By Olaf Corry
What security problems are likely to be involved in developing and using technology to deliberately modify the global climate ?
Some argue that effective global action to prevent global warming is too difficult politically, and that ‘dimming the sun’ should be explored. The idea is that a possible way to reduce climate risks is by limiting the amount of solar radiation that actually reaches the earth. One model involves continuously spraying aerosols into the stratosphere to reflect more light back out into space, and in the process lowering global temperatures. Rather than being seen as a replacement for efforts to reduce greenhouse gas emissions, such ideas have been presented as a ‘Plan B’ that should be considered to allow extra time for greenhouse gases to be dealt with.
However, there are risks involved in using such high-leverage geoengineering technologies. My article, recently published in Security Dialogue, argues that the ability of geoengineering to reduce climate risks depends, ultimately, not just on technological innovations and avoiding ‘moral hazard’ but, rather, also depends on avoiding the potential for a new type of ‘security hazard’ to emerge.
Well-ordered global politics must therefore be a key component in any such ‘Plan B’ to cool the Earth… any imagined future comprehensive framework for cooperation on geoengineering rests on some fairly optimistic assumptions about the rationality and temperateness of leaders, and on the effectiveness of global governance in general.
First, even if no major unexpected effects ensue, diverging interests and risk profiles would make the use (or non-use) of geoengineering intensely political. Even keen supporters of stratospheric aerosol injection warn strongly against deployment without adequate global agreements, accountability and oversight. ‘Rogue’ or inadequately governed climate engineering outside a comprehensive agreement could exacerbate threats to international peace and stability. Well-ordered global politics must therefore be a key component in any such ‘Plan B’ to cool the Earth. Although theoretically cheaper than decarbonizing the global economy, any imagined future comprehensive framework for cooperation on geoengineering rests on some fairly optimistic assumptions about the rationality and temperateness of leaders, and on the effectiveness of global governance in general. Incentives to cooperate exist but so do incentives to go it alone, to override objections, to deny compensation to ‘losers’, to geoengineer in somebody’s interests more than others’, or to abuse the technology in other ways.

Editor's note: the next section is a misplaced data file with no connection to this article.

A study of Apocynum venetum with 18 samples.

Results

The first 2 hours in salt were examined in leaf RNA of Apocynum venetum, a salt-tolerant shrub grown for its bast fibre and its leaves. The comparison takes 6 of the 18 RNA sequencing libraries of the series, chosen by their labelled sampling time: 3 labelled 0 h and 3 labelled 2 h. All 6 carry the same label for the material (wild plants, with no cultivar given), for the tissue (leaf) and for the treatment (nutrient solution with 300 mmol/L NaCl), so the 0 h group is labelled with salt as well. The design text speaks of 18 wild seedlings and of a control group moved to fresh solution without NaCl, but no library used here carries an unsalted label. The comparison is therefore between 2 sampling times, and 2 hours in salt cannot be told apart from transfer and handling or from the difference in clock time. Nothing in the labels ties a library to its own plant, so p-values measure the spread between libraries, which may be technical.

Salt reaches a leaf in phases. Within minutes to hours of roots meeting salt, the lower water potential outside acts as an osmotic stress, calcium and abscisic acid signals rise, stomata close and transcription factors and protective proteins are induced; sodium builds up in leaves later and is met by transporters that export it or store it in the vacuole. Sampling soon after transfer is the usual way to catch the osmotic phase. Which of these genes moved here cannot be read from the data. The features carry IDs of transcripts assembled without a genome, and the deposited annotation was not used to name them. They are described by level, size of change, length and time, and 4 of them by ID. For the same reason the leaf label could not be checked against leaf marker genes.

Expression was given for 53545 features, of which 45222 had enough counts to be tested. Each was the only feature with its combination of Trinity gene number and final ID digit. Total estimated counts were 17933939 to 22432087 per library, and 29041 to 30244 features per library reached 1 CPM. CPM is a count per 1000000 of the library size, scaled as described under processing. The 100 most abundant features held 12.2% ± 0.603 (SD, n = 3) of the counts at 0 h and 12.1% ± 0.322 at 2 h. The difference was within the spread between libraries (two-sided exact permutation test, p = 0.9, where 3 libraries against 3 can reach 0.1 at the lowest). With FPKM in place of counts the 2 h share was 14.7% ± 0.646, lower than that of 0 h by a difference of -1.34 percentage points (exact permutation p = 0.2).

Moreover, by making the global weather something somebody ‘does’ to somebody else, high-leverage geoengineering potentially risks introducing friend-enemy dynamics into climate politics as a whole. Not only might this make geoengineering effectively unavailable as a Plan B, but by making climate politics part of existing geopolitical rivalries and security dynamics it also risks making Plan A (greenhouse gas emissions reduction) even more difficult to achieve. ‘Security’ is a special category of politics in which so-called ‘normal’ rules and methods are often set aside in favour of exceptional ones due to existential threats, real or otherwise. Such ‘exceptional’ measures could and usually do include violence, secrecy, and a variety of undemocratic measures justified for ‘security reasons’. States deploying geoengineering may, via the climate, appear as existential threats to others. Even ‘random’ weather events could become geopolitically contentious.
Research and further exploration of these technologies should not be ruled out, but the ‘security hazard’ associated with geoengineering should be taken seriously when assessing whether or not new technologies are likely, ultimately, to reduce or exacerbate risks associated with climate change.